Russian oligarch luxury docks in Barcelona
Three businessmen close to Putin keep their yachts in Barcelona port
BarcelonaA white tarpaulin covers one of the accesses to the Marina Barcelona 92 jetty. It wasn't there a few days ago, and you could clearly see the stern of a massive yacht. Now, the plastic spoils the photographs of the few tourists who come to see Barcelona's luxury. They are lucky if they can take out their cell phones without a watchman pointing his finger at a sign right next to them: no photos allowed. The yacht, which is protected at all costs, is called My Solaris, in homage to the novel by Lviv writer Stanislaw Lem. It flies a Cayman Islands flag, but it belongs to Russian billionaire Roman Abramovich, owner of Chelsea FC and worth $13bn, according to Forbes Forbes. It is 140 meters long and is about as big as Buckingham Palace. A few meters away lies the Valerie, another yacht which, despite its imposing 85 meters in length, is hidden by the shadow of My Solaris. It flies a Saint Vincent and the Grenadines flag, but the owner is another Russian tycoon: Serguei Chemezov, former KGB agent and CEO of Rostec (handpicked by Vladimir Putin, with whom he shared a posting in the eighties), a state corporation for industrial products. Abramovich and Chemezov have several things in common, among them money, luxury and being oligarchs close to Putin.
For them, Barcelona is neither pleasure nor leisure. Just a garage, a repair shop. At Marina 92, the largest yachts in the world are repaired, and it is here the yachts of a few Russian tycoons rest. Workers explain that they bring them in in September, so that they fix the damages. Over Christmas they set sail again in search of sun, which they usually find in the Caribbean. Afterwards, they return to Barcelona for a face-lift. This is the Aurora's situation, a yacht that is not even touching the water. Also flying the Cayman flag, it is owned by Andrei Molchanov, a Russian oligarch with a fortune worth $1.2bn and presides over LSR Group, a huge construction company.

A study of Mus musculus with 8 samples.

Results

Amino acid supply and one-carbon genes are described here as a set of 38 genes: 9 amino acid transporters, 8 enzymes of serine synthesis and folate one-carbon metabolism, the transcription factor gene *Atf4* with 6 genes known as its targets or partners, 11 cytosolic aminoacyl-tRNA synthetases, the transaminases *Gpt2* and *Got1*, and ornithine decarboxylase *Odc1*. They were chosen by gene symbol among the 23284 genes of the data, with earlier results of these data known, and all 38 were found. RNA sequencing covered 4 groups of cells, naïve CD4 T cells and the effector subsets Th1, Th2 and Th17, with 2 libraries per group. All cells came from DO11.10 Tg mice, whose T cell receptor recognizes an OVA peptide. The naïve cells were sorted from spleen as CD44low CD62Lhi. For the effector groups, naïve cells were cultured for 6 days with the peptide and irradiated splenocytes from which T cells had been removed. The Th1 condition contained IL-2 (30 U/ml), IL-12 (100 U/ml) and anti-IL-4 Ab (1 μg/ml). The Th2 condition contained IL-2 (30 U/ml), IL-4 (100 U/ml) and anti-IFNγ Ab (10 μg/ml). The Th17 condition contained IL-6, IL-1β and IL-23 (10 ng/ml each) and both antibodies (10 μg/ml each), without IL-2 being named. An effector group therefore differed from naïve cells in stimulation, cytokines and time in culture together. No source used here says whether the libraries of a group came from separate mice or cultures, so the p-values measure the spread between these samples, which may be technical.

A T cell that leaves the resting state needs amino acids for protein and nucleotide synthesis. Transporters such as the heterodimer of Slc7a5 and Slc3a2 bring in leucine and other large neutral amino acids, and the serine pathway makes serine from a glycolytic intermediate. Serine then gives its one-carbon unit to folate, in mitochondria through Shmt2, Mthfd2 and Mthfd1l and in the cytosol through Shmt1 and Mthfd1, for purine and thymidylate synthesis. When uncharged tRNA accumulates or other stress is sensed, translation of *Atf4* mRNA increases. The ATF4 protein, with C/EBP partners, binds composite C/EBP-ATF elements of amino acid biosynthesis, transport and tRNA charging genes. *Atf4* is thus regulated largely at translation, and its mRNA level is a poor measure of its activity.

Three of the biggest Russian fortunes are lined up in Barcelona. The businessmen, however, are not to be seen. Port employees explain that they have never seen any of them, at most a helicopter landing on the yacht. "I have been told that Abramovich has only set foot on this yacht twice," says one worker. In fact, the Chelsea owner has another yacht, the Eclipses, which is a little older but much larger, the third largest in the world, in fact. A few months ago, several witnesses also saw it around Barcelona.
The Dilbar, the yacht with the largest indoor capacity in the world, has now not been in Barcelona for some time. Its owner is Alixer Usmanov, according to the European Union "Putin's right-hand man" who "has solved his business problems" and who, according to Forbes, has a fortune of $15bn. He is among the 20 or so Russian oligarchs that the EU has sanctioned by freezing their assets, a fact that could affect the management of the yacht. The yacht itself may not be seized, but there may be problems paying crew and maintenance. For the time being, it is still in Europe, in Hamburg.
Vagit Alekperov, president of the Russian oil company Lukoil, with a fortune of $21.6bn, did not hang around and this weekend took his yacht out of the European Union. It was in Barcelona, very close to My Solaris, the Aurora and the Valerie but it is now already on its way to Montenegro. In this area of the port there is an infiltrator: the Al-Raya. It does not belong to any Russian, but to Bahrain royal family. Still, it has earned a place in the Russian sphere of influence, because it was Usmanov who sold it to them in 2018 for €250m. What the ships are worth and who owns them is a recurring theme in workers' conversations. Often, however, the owner is unknown to them, and they are only guided, they explain, by the crew's comments, such as "the Russian wants the deck to be spotless." "The Russian", "the crazy German", or "the old man", are some of the names used by the crew, who are in the habit of never saying the owner's name. In fact, all access is closely guarded, and nearby material stores, despite being well known to the watchmen, need a special e-mail to access the piers. For the time being, the war in Ukraine has not changed anything, the yachts continue to berth, getting fixed up so that Putin's cronies can set sail to wherever it is they declare their assets.